Now that the 2020 hunting season for bullfrogs is finally over, I think it’s time that I finally retire from the sport.

This would be a difficult decision for me to make, if not for the fact that I have forgotten to go bullfrog hunting for 44 seasons in a row now.

That’s a shame because as a kid, I used to be an excellent bullfrog hunter and conservationist. In fact, I solely practiced catch and release. The catch part was in a swamp and the release part was usually in my sister’s top dresser drawer.

I’m not going to lie to you: if my sister lived closer, I’d probably take up bullfrog hunting again. But since she lives too far away, I am hereby announcing that I have officially given up on bullfrog hunting. I’ve had my fun.

Why am I giving up?

First off, bullfrog hunting is not only a young man’s game, it’s a single man’s game.

If you don’t believe me, try to explain to your wife why you would choose to put on leaky waders and a headlamp and spend the night in the swamp with your weird buddies and a host of mosquitoes, rather than cuddle in a nice warm bed with her. Go on. I dare you.

That’s why I’m betting that if there is such a thing as even one hardcore bullfrog hunter out there, he’s single.

Sure, frog’s legs are a delicacy, but if I’m going to be honest here, they are not that much of a delicacy.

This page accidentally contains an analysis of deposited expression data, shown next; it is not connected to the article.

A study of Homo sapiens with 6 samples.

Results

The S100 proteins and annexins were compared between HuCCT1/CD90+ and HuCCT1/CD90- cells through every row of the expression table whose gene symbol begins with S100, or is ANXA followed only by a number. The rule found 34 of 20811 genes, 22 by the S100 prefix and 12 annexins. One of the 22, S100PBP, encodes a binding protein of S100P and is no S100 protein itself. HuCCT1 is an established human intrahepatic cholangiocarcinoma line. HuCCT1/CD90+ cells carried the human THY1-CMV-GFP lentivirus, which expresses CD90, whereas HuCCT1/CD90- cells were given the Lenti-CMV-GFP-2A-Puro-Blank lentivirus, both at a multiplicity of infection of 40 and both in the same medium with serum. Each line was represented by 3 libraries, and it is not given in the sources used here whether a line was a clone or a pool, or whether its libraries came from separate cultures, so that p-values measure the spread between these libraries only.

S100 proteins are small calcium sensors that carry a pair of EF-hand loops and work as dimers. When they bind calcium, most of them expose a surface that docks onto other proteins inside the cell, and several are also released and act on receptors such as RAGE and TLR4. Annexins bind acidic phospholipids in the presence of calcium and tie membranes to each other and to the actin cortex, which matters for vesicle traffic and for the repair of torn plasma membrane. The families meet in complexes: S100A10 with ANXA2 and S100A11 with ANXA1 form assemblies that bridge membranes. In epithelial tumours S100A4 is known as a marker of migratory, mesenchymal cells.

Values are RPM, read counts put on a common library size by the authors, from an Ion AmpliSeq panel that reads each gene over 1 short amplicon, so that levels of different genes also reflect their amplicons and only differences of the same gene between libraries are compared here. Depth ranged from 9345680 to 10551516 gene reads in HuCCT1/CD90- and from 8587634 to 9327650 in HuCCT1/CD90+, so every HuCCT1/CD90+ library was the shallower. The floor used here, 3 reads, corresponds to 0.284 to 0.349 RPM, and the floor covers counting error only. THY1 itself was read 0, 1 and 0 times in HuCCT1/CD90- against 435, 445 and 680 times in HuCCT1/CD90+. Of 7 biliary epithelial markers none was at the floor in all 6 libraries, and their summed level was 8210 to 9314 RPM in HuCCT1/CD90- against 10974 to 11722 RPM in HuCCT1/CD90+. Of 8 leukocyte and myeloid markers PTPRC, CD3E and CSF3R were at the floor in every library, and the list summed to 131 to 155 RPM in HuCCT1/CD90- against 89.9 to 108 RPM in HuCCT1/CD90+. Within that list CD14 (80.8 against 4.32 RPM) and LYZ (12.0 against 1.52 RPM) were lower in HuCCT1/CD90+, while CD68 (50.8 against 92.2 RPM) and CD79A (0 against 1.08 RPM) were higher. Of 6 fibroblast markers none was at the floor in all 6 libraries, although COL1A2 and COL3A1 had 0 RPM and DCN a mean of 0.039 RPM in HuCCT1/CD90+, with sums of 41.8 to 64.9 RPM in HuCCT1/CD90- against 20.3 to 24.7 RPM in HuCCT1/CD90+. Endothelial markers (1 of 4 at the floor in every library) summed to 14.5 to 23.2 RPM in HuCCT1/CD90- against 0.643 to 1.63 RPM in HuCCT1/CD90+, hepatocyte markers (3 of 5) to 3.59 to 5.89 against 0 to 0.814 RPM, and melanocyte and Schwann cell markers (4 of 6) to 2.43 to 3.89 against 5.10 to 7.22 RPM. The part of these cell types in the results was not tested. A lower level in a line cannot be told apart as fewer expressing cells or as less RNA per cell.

Which is fine because bullfrog hunting is not actually for food, anyway. Rather, it is an excuse to chase frogs around a swamp in the dark. Yes, you can also do this in daylight, but then people see you.

Frankly, I don’t know a single person who admits to hunting bullfrogs – but then again I come from a generation who grew up admiring the wit and wisdom of Kermit, so it’s not exactly socially acceptable.

Also, the sport lacks the kind of literary, internet and television presence that would cause younger people to get into it so that  they could carry on the noble tradition. No one has ever had the head of a large bullfrog stuffed and hung on a prominent wall in the house –unless they were single at the time.

And while the limit is 10 per hunter, I have never heard anyone brag about getting a limit, or refuse to divulge their best bullfrogging spots, which tells me that the interest is just not there.

Nevertheless, my retirement from bullfrog hunting will probably be a huge blow to the sport, since I’m probably the only outdoors writer in Ontario who has even thought about it in the last 30 years.

The truth is, much like skunk hunting, I believe it is a dying pastime, here in Ontario. Who knows why?

All I do know is that, if we are going to revitalize the sport, someone is going to have to take up the mantle.

Some young energetic outdoors personality, with a nervous sister who lives nearby, is going to have to show the world how much fun chasing bullfrogs can be. It would be good if he had a side kick too. Someone who really knew how to prepare them for consumption, just in case the sister moves away.

Even then, I’m not sure you could expect a lot of growth in the sport. Yet, if the interest in the sport increases, it would undoubtedly be in leaps and bounds.